Supreme has been around since the ’90s, with a dedicated following of streetwear fans. But arguably it’s only over the past half a decade that the wider fashion industry has properly taken notice. With the increasing influence of streetwear on high fashion, it’s no surprise that Supreme is one of the brands that is taking centre stage. It couldn’t have been clearer that the New York–based label was a major player in high-fashion circles than when it collaborated with Louis Vuitton earlier this year. When we reported on the drop (the technical term for a Supreme launch), the secrecy surrounding the collab was so intense that I could only find out the time and place to shop the items via a source that wanted to remain anonymous on Twitter. But we were talking clothes, not state secrets.
It’s no surprise then that some might describe Supreme as more of a cult. With various Reddit posts dedicated to the question “why are so many people obsessed with Supreme,” I’m also fascinated by this phenomenon. When I spoke to Alec Leach, the digital fashion editor from Highsnobiety, he referred to it almost like a football club, “the way they distribute their clothing is key. It’s a way for young people to get together.” So how is it that the brand—which started off as a small business in New York—is now worth a reported $1 billion? Keep scrolling to find out why Supreme has become the mega brand it is today.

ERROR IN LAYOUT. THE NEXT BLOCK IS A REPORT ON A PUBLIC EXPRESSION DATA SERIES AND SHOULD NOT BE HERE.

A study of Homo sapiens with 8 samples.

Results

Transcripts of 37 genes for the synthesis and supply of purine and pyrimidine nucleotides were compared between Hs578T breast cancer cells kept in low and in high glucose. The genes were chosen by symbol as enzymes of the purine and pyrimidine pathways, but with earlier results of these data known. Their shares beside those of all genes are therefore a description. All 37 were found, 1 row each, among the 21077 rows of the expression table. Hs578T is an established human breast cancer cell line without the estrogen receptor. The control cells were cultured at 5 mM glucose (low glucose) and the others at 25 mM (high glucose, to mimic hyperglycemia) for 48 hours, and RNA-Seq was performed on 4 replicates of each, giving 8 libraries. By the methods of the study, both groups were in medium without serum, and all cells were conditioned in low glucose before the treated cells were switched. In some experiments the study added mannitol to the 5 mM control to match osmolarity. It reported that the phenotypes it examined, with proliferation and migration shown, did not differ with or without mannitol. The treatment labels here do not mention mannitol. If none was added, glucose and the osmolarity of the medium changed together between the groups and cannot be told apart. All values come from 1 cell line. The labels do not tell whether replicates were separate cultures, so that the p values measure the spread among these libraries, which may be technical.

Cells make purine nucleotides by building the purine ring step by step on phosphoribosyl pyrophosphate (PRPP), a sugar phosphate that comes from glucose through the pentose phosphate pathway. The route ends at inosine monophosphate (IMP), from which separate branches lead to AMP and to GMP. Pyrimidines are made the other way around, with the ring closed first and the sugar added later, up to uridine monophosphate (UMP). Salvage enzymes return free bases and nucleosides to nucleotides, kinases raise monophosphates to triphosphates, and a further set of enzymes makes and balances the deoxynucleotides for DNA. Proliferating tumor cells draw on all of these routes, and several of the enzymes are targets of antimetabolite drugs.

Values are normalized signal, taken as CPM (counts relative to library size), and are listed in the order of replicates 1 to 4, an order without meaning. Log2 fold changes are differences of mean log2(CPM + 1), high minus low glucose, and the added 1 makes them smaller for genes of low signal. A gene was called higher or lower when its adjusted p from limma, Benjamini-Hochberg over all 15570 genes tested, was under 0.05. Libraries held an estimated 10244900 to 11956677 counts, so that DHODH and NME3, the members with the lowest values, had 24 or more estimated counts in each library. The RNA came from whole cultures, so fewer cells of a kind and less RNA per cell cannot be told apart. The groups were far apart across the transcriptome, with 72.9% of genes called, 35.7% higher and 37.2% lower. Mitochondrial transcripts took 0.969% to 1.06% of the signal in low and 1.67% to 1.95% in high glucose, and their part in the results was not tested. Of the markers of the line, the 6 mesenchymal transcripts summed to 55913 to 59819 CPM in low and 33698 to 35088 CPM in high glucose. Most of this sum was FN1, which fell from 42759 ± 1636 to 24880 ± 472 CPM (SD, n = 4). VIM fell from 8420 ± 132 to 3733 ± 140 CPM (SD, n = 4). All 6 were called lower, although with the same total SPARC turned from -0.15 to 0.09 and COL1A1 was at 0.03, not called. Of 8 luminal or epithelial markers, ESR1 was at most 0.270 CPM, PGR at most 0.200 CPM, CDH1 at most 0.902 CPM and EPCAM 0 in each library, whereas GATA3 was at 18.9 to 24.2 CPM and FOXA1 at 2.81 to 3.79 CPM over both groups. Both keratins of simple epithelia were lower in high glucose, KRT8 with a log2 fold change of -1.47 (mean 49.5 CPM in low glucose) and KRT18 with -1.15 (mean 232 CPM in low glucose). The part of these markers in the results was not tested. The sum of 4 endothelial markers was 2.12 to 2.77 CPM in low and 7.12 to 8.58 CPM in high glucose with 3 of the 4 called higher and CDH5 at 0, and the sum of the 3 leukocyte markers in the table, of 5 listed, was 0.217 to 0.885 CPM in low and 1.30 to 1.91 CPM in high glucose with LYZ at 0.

Where did it start?
Created by James Jebbia in 1994, Supreme was initially a skate shop with a difference. It sold skateboards and T-shirts, but it was the layout—people could skateboard inside with the merch available to shop around the edges—that really set it apart. What was in the shop, or rather what wasn’t in the shop, was a key theme of the brand. As Vogue notes, “spare and clean” soon became Supreme’s trademark.
If you’re a Supreme fan, then Thursdays are your most important day of the week, as that’s when new pieces get stocked in store. Every week, there are new products offered throughout every one of the brand’s worldwide stores. In London, this has led to the council having concerns about “rough sleepers in £300 trainers” every Wednesday night, notes Vice.
So what’s the key to people being so keen to snap up the new lines that, in some cases, they’re willing to spend a night outside on the streets? Anyone writing about Supreme will always give the same answer: It’s all about hype. Whether by accident or some ingenious trickery we don’t understand, the brand has worked out the formula to make people excited. And it’s a lot to do with supply and demand—with the brand never offering more than it knows it can sell, with pieces often limited edition as well. Speaking to Interview magazine, Jebbia revealed part of his secret: “We’ve never really been supply-demand anyway. It’s not like when we’re making something, we make only six of them. But if we can sell 600, I make 400.”
I’ve previously mentioned that Supreme has become the ultimate collaborator. From the smaller skate brands to big-hitters such as Nike, Commes des Garçons, and A Bathing Ape, there’s a real range of interesting labels Supreme has worked with. All these pieces immediately sell out and start being pawned on eBay or dedicated SupremeFacebook groups.
But, as previously mentioned, it was the collaboration with Louis Vuitton that fully propelled the label into super-brand territory. From Victoria Beckham being spotted at the airport wearing one of the designs (a big deal, considering she usually just wears her own brand) to one of the biggest influencers, Chiara Ferragni, wearing the collab, there’s no shortage of A-list endorsement. Thanks to this, I can see Supreme growing even more, with other fashion houses desperate to gain the same kind of hype it’s so brilliant cultivated.